Thursday, February 23, 2012
One of my favorite web photo editing tools PicNik is being shut down by Google. No amount of lamenting the fact will save it. I used PicNik to sharpen and re-size photos I took on my iPhone for my New Jersey Tech Weekly website. I liked it because it was easy to use and did just what I wanted it to do without confusing me with fancy jargon. While all the professionals and photo hobbyists I know are crazy about Photoshop, I have found it incredibly difficult to use, even after I took a course on it. (My apologies to Prof. Kerstin Vogdes-Diehn at Pace University! You tried.)
Once I learned that PicNik would be closed, I turned to the web to look for alternatives that would be easy to use. What follows is a blog entry by Kaye Swain of SandwichINK for the Sandwich Generation. Kaye’s blog is not devoted to technology and is in fact a fairly religious site while Tech and the Baby Boomer is clearly a secular site. However, we both agree that we need photo editing tools that are easy to use so we can keep posting. With Kaye’s permission I am reprinting much of her blog post about an alternative to PicNik called iPiccy.
by Kaye Swain on February 21, 2012
Picnik.com was closing their site and migrating some of their tools over to Google+. As a VERY busy member of the Sandwich Generation, I was definitely feeling frustrated.
HOWEVER, after lots of fun experimenting, and plenty of intensive research, and gaining several great new iPhone apps (and a couple of not so great ones), I revisited a site that had helped someone I know, and found that he had discovered an excellent alternative. Mega thanks to Brad Andersohn of Brads Domain (not to mention being the Industry Outreach Manager for Zillow.com, the Director/Instructor for Zillow Academy, and an Ambassador and Blogger on the ActiveRain Real estate network – all great resources for all of us in the Sandwich Generation who are busy caring for the real estate needs of our elderly parents.) for introducing me – and now you – to iPiccy.
If you are familiar with Picnik.com, you will probably feel quite comfortable at iPiccy. There are many similarities. There are plenty of differences as well, though. Some things are better. Some are more difficult. And it all takes a few minutes of playing with it to start learning what's what. But it takes me a LOT longer to figure out things like Gimp or PhotoShop – if I ever do, so I'm happy to say that I find that this is definitely much easier.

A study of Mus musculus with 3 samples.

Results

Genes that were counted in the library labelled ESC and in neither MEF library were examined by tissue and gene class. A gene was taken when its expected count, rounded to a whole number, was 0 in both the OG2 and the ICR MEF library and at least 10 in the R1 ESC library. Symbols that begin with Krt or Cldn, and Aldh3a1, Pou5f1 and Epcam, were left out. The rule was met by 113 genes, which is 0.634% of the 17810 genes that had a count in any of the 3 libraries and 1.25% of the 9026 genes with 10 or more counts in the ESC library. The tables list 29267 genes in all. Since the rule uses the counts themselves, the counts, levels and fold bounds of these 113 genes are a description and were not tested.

A couple of little pros, cons, and tips. First, I miss the stickers from Picnik that let me point to something. I can do the same thing with the pencil tool, but as you can see, I'm not very straight at it.
When you are editing the size of your photo, (select "editor," then "resize image," making sure it says "constrain proportions," then type in the width or height, and it SHOULD change both for you, keeping it in proportion. The SHOULD is because last week, it wasn't doing it. I suspect it may have been upgraded, as I know they are working on it steadily to make it even better than it is. But just in case it does NOT change both numbers for you – here's the little trick I discovered. Click on the arrow to the right of the "WIDTH %." A little bar will show up and you can toggle that to adjust both the height and width in proportion.
There are several different choices for special effects from "old photo" to "neon" to "artistic painting" to this cute "Snow" effect. My grandkids will enjoy seeing granddog surrounded in snow, since our own snow failed to make an appearance this week.
One thing that is of vital importance to me is the ability to add text easily to photos and my cute country clipart from Trina and Friends. This works GREAT. It's actually easier than Picnik in some respects and, while it doesn't have as many fonts, I like the selection. It has my favorite font – Comic Sans. I love it because it's small letter A is the same way kids write them so it's easier for little ones to read. I also found a few others I know I will use a lot like:
One thing I noted in the font options is that it always comes with "SHADOW" preselected. I don't care for the effect so I always deselect it before anything else. Try it both ways to decide for yourself. ;)
Well, that's it for now on iPiccy. As I play with it more and learn more interesting and intriguing options, I'll pass them on. It's definitely a useful tool for those of us in the Sandwich Generation who like a quick and easy to use photo editor as well as a digital camera.